Jordi’s Before And After

Hi everyone

Below is a brief report following remediation of two culverts at Raumanga, Northland, NZ.

An ‘after remediation’ fish survey was undertaken on the Raumanga fish passage remediation project in mid-December 2020, and to keep in line with the 2019 survey, we undertook both electric fishing and gee minnow trapping. Similar biodiversity and abundance were found in the electric fishing reaches (long fin eels, short fin eels, juvenile eels, red fin bullies, torrent fish, smelt) with many schools of smelt observed both above and below barrier number 1 (Bernard St). We also caught 1 īnanga (galaxiid maculatus) in a gee minnow immediately upstream of the remediated barrier – success! As I am sure you are all aware, īnanga are thought to have the weakest ‘climbing’ abilities when navigating structures, so to find a young īnanga on the upstream site of the first barrier was a wonderful result.

Remediation consisted of installing flexi-baffles in the barrels of all culverts, rubber ramps and ropes on the outlets and cascading outlet areas.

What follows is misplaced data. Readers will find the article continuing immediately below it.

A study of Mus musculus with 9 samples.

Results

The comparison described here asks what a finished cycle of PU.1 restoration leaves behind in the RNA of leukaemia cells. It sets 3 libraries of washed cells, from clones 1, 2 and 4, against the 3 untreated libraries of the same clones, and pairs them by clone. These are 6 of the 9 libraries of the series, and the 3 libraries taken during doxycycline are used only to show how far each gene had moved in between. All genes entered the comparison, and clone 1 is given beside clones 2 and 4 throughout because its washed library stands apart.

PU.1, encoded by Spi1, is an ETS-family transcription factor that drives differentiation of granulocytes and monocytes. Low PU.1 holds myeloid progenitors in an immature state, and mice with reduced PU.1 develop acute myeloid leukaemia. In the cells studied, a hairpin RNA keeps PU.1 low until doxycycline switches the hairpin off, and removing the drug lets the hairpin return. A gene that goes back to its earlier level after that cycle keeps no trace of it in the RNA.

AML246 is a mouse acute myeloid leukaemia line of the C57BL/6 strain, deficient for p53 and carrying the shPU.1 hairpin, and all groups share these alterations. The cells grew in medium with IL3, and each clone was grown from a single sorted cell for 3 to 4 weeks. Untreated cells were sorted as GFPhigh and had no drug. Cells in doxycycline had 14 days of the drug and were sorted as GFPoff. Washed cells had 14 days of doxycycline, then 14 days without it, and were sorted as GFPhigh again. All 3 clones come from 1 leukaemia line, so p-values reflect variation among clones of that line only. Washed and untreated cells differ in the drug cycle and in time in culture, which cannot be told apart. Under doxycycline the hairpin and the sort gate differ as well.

We also visited the next barrier upstream (Tarewa I-site) and were thrilled to see natural bed material retained in the base of the true right culvert ( see picture below). This is the perfect outcome as it means the velocity is slow enough for natural substrate to be retained in the pipe, which is good news for fish movement and of course macroinvertebrate habitat for the fish to snack on, on the way up.

Overall, Riffle Restoration and the Whangārei Harbour Catchment Group are really happy with these results. Long may the native fish migrations continue!

For more info contact
Jordan MacDonald
Riffle Restoration

A nice layer of bed material has built up between the baffles.